Cortana–a voice activated artificial intelligence that you might know better as Microsoft’s Siri–is coming to iOS and Android next month. Cortana is brilliant. In fact, she’s in many ways a lot smarter than Siri. And she’s probably more witty, too.
But no matter how smart or funny she is, Cortana won’t become the de facto voice assistant for your iPhone or Android device. Because while Cortana may be very fluent at speaking your language, Siri is fully integrated with iOS; not only is it always listening, it’s able to access parts of the phone Cortana simply can’t.
The Real Appeal Of Voice
When you look at scenarios where voice search has an advantage over traditional UIs, it’s typically does three big things in concert to transform itself into that magical personal assistant interface that Apple teased back in 1987.
First, it can allow you to find extremely specific information quickly. Why go to the trouble of opening weather app when you can just say, ask aloud, “What’s the weather?” and get an answer? You could call this magic omniscience.
Second, it can allow you to do extremely specific things quickly. Yes, this is very closely related to but distinguished from the first point. Say you want to send a text message. Whereas a folder or menu based UIs may make you click into your address book, tap a name, tap that you want to send them a text, and then type your text, Siri allows you to say “Send a message to Mom saying ‘hello,'” no digging through kingdom, phylum, genus, species of your operating system required. This is not a shortcut to information, but a shortcut to action. You could call this magic omnipotence.
Third, it’s always listening, which makes something accessible from any part of the OS. Whereas a traditional Google search requires you to load google.com, type in a search query, and hit “search,” a voice command could be eavesdropping from any app. You might not realize it, but you can actually go into your Android phone to have it search any time you say “Okay Google”–no button presses required. You can do the same thing on the iPhone, too, setting it to make Siri to respond any time you say “hey Siri.” The Xbox One allows you to say “Xbox On” to turn it on, along with countless other commands. You could call this magic omnipresence.
The Limitations Of Cortana
Back to the earlier point, even if Cortana can reach omniscience, her inability to fully integrate omnipotence or omnipresence into another company’s platform puts her at an automatic disadvantage on an iPhone or Android device. What actual effect does this have in your day-to-day usage? As Microsoft published on their blog:
Some features require access to the system that aren’t currently possible with iOS or Android, so things like toggling settings or opening apps won’t initially be available in the Cortana companions for those platforms. Similarly, the ability to invoke Cortana hands-free by saying “Hey Cortana” requires special integration with the device’s microphone, so that feature will be limited to Windows Phones and PCs.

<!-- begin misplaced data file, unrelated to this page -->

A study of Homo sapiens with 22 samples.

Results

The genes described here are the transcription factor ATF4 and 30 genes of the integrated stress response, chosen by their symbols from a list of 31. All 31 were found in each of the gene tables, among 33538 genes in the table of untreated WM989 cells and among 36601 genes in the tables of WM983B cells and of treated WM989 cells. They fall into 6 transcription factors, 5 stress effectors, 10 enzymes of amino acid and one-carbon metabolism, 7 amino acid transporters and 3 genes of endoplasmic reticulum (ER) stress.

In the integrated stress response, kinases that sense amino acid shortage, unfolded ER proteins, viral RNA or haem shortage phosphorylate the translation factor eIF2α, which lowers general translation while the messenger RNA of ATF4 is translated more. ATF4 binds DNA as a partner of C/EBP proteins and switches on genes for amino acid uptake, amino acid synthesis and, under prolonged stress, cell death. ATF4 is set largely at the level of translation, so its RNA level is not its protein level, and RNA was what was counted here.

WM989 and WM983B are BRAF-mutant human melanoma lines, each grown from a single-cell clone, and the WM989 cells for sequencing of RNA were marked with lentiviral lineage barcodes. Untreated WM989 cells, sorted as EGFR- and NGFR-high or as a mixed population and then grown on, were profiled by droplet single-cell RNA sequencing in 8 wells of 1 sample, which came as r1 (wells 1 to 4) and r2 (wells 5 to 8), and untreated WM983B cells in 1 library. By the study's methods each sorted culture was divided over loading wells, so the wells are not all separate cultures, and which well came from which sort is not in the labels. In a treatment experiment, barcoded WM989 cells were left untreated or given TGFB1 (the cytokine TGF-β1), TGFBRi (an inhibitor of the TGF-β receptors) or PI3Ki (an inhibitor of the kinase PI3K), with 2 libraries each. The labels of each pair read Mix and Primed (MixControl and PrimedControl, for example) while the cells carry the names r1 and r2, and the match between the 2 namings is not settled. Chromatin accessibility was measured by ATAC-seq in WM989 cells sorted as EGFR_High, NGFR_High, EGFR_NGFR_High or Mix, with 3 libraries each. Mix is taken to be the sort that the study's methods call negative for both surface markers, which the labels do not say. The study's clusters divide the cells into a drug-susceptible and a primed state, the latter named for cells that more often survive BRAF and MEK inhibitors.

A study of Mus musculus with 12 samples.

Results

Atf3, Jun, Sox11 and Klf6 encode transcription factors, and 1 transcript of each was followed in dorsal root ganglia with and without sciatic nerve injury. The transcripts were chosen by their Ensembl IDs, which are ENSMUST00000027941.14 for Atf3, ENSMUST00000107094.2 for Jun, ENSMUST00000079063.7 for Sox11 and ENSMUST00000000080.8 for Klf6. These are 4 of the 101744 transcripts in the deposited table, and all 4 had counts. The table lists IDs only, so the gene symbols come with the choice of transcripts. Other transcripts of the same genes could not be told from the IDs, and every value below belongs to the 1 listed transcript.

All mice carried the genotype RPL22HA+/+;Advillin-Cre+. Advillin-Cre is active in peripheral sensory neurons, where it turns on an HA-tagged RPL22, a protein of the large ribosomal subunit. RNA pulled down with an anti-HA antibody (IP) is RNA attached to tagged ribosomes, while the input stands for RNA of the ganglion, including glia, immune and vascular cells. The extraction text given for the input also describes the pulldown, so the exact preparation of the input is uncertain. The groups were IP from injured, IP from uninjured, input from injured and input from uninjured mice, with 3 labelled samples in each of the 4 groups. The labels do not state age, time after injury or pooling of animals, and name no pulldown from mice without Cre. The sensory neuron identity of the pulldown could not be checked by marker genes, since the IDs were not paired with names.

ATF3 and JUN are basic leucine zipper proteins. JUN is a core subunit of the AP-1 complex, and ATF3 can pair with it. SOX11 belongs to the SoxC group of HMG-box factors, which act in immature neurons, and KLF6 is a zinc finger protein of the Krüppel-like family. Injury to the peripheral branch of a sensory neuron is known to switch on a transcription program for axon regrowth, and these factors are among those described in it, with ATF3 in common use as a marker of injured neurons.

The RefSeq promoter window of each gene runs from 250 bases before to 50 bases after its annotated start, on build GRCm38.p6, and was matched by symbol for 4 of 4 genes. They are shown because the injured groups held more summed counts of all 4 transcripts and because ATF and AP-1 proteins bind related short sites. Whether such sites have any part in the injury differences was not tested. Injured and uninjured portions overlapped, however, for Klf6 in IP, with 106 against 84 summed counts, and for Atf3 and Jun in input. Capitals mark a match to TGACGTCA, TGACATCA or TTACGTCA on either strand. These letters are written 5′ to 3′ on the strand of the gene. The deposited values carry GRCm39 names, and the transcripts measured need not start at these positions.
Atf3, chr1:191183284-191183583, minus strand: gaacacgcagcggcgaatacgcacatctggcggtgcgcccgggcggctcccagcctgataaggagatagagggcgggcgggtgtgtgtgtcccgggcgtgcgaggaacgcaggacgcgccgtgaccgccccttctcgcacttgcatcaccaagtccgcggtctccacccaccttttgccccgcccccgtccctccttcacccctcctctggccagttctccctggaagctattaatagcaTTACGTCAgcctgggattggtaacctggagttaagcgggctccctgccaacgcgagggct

In other words, sure, Cortana more or less passes the first test of voice utility if you want to check a White Sox score, but because it can’t access your iPhone’s OS at the core level, she can’t do a lot–like adjust volume or send a text message. And because Cortana isn’t baked natively into iOS, Cortana will never have that seamless “just talk to it” integration with the operating system, like Siri. (It seems plausible that Cortana could integrate at this level with Android, but Microsoft has announced any plans to do so yet.)
Could Microsoft Win Anyway?
Am I being too hard on Microsoft? Could Cortana, with more wit or intelligence, take out a Siri? You don’t always need to own the entire platform to own the experience, after all. Just look at what Amazon has done with its Kindle app. Everyone would have thought that iBooks would be the default way you read on your iPhone or iPad, but Amazon, using its own app where you can’t even buy books, has historically been the more popular reader on iOS.
But there’s a big difference between a reading app and a voice assistant. iBooks or Kindle is a destination on your device. It’s a place you go after you’ve made the decision to use one specific function: Reading a book.
Cortana or Siri aren’t destinations but vehicles. Using voice, they need to transport you anywhere your requests take you, instantly–just like you can strike up a conversation with someone about anything that goes anywhere. To do that, the Cortanas of the world need to be fully baked into the operating system, with omnipresence, omniscience, and omnipotence. Sandboxing a service like Cortana within the confines of a conventional app only tempts us to forget about her. And unfortunately for Microsoft, the only place Cortana has all three god-like powers are on Windows devices.
So while Cortana is about to invade iOS and Android, she’s unlikely to rule either platform in a meaningful way.